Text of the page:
Moreover if thy brother shall trespass against thee, go and tell him his fault between thee and him alone: if he shall hear thee, thou hast gained thy brother.
Neglecting to use this principle has caused more issues in churches than just about anything else. We seem to tell everyone else about the problem first, before we go to main person.
Therefore, a simple relationship-repair job has now turned into a church-wide issue. Instead of believing the Lord and doing what he asks — and keeping it simple and local — we go to other members to ask their advice first. Is that a sin or wisdom?
Many seemingly big relationship issues are repaired simply with a little prayer, discretion, and trust in God’s instructions. God is telling us in this very short command that the whole church does not need to know about the trouble we might be having with a fellow member, nor do our key ‘advisors’ in most cases.
Many issues we have with our brothers or sisters are not real problems, and often it is just the way we have interpreted them.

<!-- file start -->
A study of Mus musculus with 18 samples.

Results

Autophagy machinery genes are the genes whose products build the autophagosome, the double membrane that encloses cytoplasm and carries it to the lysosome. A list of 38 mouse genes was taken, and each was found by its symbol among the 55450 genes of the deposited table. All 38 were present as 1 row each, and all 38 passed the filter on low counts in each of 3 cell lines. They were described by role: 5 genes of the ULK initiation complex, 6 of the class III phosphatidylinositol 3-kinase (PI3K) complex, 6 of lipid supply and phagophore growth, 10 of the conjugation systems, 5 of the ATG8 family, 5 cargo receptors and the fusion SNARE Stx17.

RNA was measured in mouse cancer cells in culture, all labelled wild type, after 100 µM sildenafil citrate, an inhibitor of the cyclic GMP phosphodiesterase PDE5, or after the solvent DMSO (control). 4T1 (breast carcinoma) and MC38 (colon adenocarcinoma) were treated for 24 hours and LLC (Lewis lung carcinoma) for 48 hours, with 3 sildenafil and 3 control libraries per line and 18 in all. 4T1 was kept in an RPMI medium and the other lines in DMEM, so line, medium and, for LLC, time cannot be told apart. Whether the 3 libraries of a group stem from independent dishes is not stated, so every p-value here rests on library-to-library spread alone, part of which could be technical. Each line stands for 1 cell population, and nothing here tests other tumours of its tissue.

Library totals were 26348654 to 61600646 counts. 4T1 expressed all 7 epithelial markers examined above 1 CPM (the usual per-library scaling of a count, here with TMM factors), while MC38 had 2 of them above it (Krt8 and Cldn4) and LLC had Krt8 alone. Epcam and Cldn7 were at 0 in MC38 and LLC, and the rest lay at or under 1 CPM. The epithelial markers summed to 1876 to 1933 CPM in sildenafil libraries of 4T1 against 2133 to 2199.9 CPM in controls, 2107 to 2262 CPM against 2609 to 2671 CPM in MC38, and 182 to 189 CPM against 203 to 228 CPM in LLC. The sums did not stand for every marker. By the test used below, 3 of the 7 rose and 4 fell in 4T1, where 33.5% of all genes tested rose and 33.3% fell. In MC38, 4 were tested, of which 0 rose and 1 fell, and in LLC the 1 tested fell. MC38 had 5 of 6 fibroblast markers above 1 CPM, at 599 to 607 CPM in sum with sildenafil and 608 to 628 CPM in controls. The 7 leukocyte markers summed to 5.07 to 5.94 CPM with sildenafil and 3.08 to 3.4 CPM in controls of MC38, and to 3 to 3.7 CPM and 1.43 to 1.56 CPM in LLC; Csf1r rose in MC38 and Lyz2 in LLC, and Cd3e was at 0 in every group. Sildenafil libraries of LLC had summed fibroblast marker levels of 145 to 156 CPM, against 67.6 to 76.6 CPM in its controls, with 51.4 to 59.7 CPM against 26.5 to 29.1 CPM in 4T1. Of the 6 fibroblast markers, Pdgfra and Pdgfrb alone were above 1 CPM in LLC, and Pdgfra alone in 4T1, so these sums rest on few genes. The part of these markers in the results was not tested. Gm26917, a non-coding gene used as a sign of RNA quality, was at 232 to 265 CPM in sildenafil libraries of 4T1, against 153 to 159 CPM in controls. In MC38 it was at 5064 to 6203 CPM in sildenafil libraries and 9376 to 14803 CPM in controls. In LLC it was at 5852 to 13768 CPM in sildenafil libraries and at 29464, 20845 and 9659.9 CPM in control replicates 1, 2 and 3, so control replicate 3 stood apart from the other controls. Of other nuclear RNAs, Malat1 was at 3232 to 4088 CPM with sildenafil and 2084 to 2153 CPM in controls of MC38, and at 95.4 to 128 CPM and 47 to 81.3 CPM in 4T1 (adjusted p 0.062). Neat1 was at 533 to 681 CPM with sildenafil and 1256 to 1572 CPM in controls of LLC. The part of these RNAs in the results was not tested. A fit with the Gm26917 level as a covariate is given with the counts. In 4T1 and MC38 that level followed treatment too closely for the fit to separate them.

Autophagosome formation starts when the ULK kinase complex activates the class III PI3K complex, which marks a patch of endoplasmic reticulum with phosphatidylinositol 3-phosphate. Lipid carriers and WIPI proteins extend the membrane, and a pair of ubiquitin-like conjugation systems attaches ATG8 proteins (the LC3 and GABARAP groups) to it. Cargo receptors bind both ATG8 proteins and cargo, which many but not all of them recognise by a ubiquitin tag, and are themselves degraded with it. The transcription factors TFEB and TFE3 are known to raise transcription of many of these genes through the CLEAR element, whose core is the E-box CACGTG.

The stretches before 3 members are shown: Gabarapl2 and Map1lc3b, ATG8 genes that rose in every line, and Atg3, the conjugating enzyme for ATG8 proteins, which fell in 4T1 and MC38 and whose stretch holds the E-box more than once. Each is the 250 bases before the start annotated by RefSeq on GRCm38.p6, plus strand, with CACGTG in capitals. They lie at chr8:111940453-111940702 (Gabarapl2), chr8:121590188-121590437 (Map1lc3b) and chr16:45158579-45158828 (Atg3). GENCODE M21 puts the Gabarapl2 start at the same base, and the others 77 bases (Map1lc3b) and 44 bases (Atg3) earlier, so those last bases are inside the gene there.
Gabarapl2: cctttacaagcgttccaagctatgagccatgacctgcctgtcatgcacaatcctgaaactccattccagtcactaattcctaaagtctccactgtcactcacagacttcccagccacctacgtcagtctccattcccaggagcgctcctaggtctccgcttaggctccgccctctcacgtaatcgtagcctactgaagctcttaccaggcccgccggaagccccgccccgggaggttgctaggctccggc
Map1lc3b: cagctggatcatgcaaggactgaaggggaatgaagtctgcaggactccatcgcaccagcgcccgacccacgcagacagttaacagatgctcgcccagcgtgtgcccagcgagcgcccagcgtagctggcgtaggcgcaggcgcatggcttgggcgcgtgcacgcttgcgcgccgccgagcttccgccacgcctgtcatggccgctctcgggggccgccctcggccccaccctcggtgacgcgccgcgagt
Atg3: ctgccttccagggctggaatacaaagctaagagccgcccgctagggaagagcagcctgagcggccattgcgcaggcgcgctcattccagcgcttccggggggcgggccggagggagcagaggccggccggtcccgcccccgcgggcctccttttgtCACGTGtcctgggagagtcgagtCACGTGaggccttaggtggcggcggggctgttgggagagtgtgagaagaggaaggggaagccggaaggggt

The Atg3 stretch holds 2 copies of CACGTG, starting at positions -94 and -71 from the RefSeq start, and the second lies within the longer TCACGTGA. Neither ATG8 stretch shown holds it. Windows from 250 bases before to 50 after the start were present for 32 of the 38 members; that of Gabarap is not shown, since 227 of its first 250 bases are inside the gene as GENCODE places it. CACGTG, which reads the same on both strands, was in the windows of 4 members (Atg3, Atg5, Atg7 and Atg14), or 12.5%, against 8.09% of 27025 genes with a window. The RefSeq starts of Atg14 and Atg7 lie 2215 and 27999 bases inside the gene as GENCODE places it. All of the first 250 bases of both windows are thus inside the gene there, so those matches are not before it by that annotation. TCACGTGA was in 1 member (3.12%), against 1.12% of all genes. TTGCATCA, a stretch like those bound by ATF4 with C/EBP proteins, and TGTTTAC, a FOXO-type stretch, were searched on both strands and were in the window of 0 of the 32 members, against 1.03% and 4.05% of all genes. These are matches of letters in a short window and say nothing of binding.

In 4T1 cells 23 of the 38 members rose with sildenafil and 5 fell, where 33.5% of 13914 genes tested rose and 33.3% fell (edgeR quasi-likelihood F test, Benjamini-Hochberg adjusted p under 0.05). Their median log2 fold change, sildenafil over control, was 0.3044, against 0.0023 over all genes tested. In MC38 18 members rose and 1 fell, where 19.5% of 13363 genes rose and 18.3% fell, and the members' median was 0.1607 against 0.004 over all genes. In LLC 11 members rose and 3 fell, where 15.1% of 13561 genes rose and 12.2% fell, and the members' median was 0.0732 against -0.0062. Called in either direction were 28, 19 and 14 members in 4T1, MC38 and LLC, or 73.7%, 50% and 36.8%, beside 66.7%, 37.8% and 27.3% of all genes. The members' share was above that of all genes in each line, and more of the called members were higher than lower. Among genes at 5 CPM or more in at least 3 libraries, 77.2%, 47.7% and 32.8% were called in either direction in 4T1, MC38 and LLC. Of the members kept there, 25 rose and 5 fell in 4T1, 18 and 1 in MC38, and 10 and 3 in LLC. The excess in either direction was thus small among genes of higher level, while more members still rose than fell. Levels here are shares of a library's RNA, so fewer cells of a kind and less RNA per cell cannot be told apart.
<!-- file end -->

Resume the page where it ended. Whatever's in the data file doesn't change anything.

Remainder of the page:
And sometimes it is us. If we haven’t read or prayed for some time, we can end up with low frustration tolerance, where everything seems to bug us about certain people.
Also, we can have hidden umbrage, where we are all smiles on the outside, but don’t seem to have the humility and boldness or desire to address situations. We end up being two people; one, all smiles and niceness in front of our brothers and sisters, and another one when were are in private making defamatory remarks to those who will listen.
This umbrage can arise in ourselves, but also in families and cultures and not be addressed for years or even generations. Umbrage can be passed on to progeny, and I think the Lord would prefer us to pass on mercy and blessings that anything tasteless and unprofitable, regardless of how justified in the matter we might think ourselves.